Well that was no fun. The Yankees opened their three-game series with the Blue Jays with a 6-2 loss Friday night. Sonny Gray didn’t pitch well (again) and the Yankees didn’t cash in with men on base (again). That’s how, like, 90% of their losses have gone this season, it seems.
Sonny Smacked Around
Sonny Gray hit the nail on the head following his last start: The Yankees are the best team in baseball four out of every five days, then Sonny Gray pitches. Another disaster outing for Gray on Friday night, as he retired only six of the 15 batters he faced, and the Yankees were down 5-0 before he recorded his sixth out. His strikes were meatballs and his balls were noncompetitive. Easy, easy takes.
Things could’ve been a lot worse for Gray and the Yankees too. He retired the first two batters he faced, then two walks and a single loaded the bases. Sigh. Gray was able to escape that first inning jam unscathed by striking out Russell Martin. There was no escaping the second inning. Five runs thanks to singles by Devon Travis and Curtis Granderson, and a three-run homer by Justin Smoak. Sonny put an 85 mph spinner on a tee.
That was it for Gray. Aaron Boone went to David Hale for the third inning. Gray’s final line: 2 IP, 6 H, 5 R, 5 ER, 2 BB, 4 K, 1 HR on 62 pitches. Sonny had his personal catcher and he was on the road. He’s run out of excuses. Gray is sitting on a 5.85 ERA (4.53 FIP) — he’s allowed 21 runs in 21 innings in his last five starts — and he really shouldn’t be making starts for a World Series contender.
So what do the Yankees do now? Well, Boone already said Gray is going to make his next start, so that answers that. Realistically, the only other alternatives are the bullpen or a phantom disabled list stint at this point. The Yankees have needed another starter since the offseason. With Jordan Montgomery hurt and Gray being one of the worst starters in baseball, they probably need two starters now. Should be a fun trade deadline.
One Man Army
Of course, even a quality start from Gray wouldn’t have been good enough to win. The Yankees mustered only two runs Friday night — and just one hit in 4.2 innings against Toronto’s crummy bullpen — and Aaron Hicks drove ’em both in. He got the Yankees on the board with a third inning solo homer. No. 16 on the season for Hicksie and a new career high. He’s been so good lately.
The Yankees were able to run up Sam Gaviglio’s pitch count and they had their best chance to make this a game in the fifth inning. Austin Romine stroked a leadoff single to left, Brett Gardner slapped a single to center, and Aaron Judge reached to load the bases when Yangervis Solarte whiffed on his weak grounder. Solarte cut across and just kinda missed it. I think he was worried he’d run into the baserunner. Either way, the bases were loaded with one out.
Hicks worked Gaviglio for a six-pitch walk to force in a run and put the tying run on base. Tying run on base! For Giancarlo Stanton! And reliever Joe Biagini started the at-bat with three straight balls! Stanton then swung and missed at the 3-0 and 3-1 pitches, and took the 3-2 pitch for strike three. Gross. The pitch locations for that at-bat:
The 3-0- pitch didn’t look nearly as close on the YES broadcast as the plot would lead you believe, but I’m pretty sure it would’ve been called a strike anyway. Home plate Andy Fletcher was calling low strikes much of the night plus the 3-0 autostrike is an annoying thing that exists. Even then, Stanton chased the 3-1 pitch out of the zone and took the best pitch of the at-bat for strike three. Yuck.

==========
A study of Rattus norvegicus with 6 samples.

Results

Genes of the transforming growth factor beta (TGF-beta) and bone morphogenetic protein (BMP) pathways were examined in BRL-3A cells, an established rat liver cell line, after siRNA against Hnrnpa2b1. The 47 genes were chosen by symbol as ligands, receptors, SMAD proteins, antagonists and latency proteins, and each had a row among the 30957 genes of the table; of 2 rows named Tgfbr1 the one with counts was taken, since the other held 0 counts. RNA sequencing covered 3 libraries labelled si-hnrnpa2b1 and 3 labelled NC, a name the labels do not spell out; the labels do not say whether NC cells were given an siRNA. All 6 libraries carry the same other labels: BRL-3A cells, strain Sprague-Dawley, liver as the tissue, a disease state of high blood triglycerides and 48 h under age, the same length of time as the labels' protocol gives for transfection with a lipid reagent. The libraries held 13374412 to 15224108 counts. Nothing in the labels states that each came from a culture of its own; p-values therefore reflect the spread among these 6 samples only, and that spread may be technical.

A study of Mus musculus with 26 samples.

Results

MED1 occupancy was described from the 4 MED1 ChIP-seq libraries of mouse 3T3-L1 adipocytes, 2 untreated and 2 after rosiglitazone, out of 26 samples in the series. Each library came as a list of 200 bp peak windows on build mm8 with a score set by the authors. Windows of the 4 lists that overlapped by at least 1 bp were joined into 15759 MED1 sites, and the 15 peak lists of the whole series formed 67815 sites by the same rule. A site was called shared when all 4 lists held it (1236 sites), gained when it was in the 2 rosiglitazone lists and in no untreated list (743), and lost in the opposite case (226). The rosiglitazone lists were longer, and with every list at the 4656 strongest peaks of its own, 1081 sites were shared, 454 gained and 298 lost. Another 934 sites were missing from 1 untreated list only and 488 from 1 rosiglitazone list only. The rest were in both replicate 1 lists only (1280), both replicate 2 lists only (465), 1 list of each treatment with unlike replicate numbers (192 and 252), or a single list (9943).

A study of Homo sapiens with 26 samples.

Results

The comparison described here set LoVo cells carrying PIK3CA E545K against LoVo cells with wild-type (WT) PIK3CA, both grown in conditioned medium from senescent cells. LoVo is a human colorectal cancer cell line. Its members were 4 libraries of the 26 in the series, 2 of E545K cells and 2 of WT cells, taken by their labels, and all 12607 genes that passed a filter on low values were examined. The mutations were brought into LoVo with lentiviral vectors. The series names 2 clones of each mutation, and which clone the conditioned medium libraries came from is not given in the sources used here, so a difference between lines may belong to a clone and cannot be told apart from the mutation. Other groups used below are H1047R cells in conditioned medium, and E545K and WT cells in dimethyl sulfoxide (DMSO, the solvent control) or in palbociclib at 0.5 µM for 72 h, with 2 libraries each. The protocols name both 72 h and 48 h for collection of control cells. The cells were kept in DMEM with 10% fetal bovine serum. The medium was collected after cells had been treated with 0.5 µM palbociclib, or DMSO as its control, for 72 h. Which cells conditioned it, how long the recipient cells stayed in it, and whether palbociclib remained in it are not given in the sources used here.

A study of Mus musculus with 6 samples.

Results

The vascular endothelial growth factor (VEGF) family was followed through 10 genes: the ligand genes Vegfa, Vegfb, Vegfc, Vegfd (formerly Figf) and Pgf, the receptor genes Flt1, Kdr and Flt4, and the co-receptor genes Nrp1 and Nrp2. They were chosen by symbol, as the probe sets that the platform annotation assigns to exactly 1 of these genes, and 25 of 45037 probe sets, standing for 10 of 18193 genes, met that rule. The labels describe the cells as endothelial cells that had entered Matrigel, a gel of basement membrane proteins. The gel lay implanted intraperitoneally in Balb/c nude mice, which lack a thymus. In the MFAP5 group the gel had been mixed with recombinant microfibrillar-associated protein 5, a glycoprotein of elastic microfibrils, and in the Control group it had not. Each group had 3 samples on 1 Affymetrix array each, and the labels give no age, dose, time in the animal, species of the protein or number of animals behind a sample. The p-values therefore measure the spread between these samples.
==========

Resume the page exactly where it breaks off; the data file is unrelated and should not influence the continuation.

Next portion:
Didi Gregorius followed the Stanton strikeout with an opposite field line drive at Teoscar Hernandez for the final out of the inning. Bases loaded, one out, four-five hitters due up, no runs. There’s the ballgame. The Yankees went 0-for-6 with runners in scoring position and are now hitting .165/.271/.309 in those situations since June 1st. The regression to their true talent level will be amazing.
Major props to Hale, who threw 75 pitches and chewed up 5.2 innings in long relief. His line: 5.2 IP, 5 H, 1 R, 1 ER, 1 BB, 1 K. The run scored in the last inning he worked too. As a reward, Hale will probably be designated for assignment in favor of a fresh arm prior to tomorrow’s game. Rough business, but I’d be surprised if the Yankees carried a long man (who they’ve cut twice already this year) for at least three days while he’s unavailable.
Two hits for Gardner and one each for Hicks, Romine, and Miguel Andujar. Also, Hicks and Gregorius had hits taken away by great Devon Travis plays and Greg Bird hit two long fly balls that Pillar ran down in center. Annoying. I know no one wants to hear it, but I think the quality of Bird’s at-bats has improved considerably over the last week or so. He working the count and laying off pitcher’s pitches. Hopefully results follow soon.
Romine went 1-for-3 with a walk but I didn’t love letting him hit with two on and two outs in the eighth, when he represented the tying run. Seemed like a good time to give Brandon Drury a chance to tie things up. Romine struck out looking to end the inning. Whatever.
And finally, runners are now 11-for-11 stealing bases in ten games since Gary Sanchez got hurt. (Pillar stole second rather easily in this game.) At least they’re not passed balls?
The Yankees and Blue Jays will continue this series Saturday afternoon. That’s a 4pm ET game. Luis Severino and potential trade deadline target J.A. Happ are the scheduled starters.